The most common type of business entity formed last year in Texas was the limited liability company, or LLC. But what is a LLC? A limited liability company is a type of entity that combines characteristics of both partnerships and corporations.
First, LLCs allow for pass-through tax status for income generated. This means any LLCs profits are accounted for on the owners (called a member in LLC terms) federal income tax report filed every year. Unlike a corporation, where the profits are first taxed by a corporate tax, and then the owners will be taxed again on the income they receive from their business through disbursements. This provides an immediate benefit compared to corporations.
Second, LLCs provide the same level of liability protection for its owners as a corporation. Unlike partnerships, where a general partner is liable personally for any and all debts of the partnership, a member of an LLC is provided protection from company liabilties, so long as it cannot be proven that the business itself was for the personal benefit of a member (called piercing the corporate veil.) With these two characteristics, it's no wonder that this type of entity is fast becoming the preferred structure of businesses in Texas.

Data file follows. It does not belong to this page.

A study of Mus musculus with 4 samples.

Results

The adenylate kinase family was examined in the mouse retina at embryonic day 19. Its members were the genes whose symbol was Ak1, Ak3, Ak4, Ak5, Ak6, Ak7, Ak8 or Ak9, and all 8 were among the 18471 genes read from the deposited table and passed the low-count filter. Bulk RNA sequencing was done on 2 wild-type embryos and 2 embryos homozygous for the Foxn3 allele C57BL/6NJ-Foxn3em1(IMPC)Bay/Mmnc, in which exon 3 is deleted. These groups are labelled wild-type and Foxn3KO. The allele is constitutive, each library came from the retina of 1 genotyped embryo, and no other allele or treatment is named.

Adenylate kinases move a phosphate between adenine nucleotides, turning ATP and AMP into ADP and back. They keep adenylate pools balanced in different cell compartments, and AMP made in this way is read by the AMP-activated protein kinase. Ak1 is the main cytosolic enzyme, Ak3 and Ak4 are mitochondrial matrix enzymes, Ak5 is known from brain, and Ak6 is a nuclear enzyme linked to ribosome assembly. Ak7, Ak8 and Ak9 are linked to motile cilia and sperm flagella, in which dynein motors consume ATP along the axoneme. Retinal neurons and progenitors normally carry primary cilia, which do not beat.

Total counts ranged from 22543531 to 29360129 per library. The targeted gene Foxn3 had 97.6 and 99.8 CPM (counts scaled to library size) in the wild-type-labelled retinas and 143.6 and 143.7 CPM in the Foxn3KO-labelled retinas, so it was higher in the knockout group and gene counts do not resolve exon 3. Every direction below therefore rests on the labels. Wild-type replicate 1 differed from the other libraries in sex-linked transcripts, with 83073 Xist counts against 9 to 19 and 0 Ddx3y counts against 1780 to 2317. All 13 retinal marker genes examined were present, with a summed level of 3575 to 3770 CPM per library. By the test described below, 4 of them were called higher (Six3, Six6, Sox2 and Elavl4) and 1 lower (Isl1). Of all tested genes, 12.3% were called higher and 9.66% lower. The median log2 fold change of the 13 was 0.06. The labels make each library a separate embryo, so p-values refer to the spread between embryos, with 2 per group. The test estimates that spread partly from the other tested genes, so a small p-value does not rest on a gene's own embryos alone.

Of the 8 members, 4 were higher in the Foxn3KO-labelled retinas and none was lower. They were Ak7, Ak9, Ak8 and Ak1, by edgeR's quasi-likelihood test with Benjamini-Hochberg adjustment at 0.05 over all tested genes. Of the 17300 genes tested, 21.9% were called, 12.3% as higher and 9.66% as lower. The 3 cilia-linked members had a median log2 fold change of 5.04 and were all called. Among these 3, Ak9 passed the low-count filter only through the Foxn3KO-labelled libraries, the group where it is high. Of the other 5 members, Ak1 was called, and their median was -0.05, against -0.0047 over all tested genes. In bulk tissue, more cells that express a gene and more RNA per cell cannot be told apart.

What does it take to file (and get the best protection of) an LLC? First, a person must check the Secretary of State's website to ensure the name of their potential business is available. You can also call the Secretary of State's office to check this as well. Once you have your name, a Certificate of Formation must be filed with the Secretary of State. This states the name of your company, your registered agent, the organizer of the LLC, and the rules for your company (the operating agreement): who the members are, the amount of ownership each person has, and so on. These rules are important, as they spell out exactly how your company will operate and what will happen if certain events occur, like death, sale, transfer of assets, etc.
Second, once the paperwork is filed and the LLC is formed, it is time to have your first meeting. At this first meeting, all the members (owners) of the LLC will adopt the rules stated in the Certificate of Formation. These minutes should be recorded and kept with the Certificate of Formation.
Third, make sure to run your business like a business. Do not use your business account for personal items, and do not use business capital to pay down personal debt. Do not comingle funds between your personal and business bank accounts. The better you keep these financials separate, the better chance you will have of not being held personally liable.
Charlton M. Messer, Attorney at Law
This is for information and educational purposes only, and is not intended to solicit business. If you have any questions about this topic, please contact your attorney.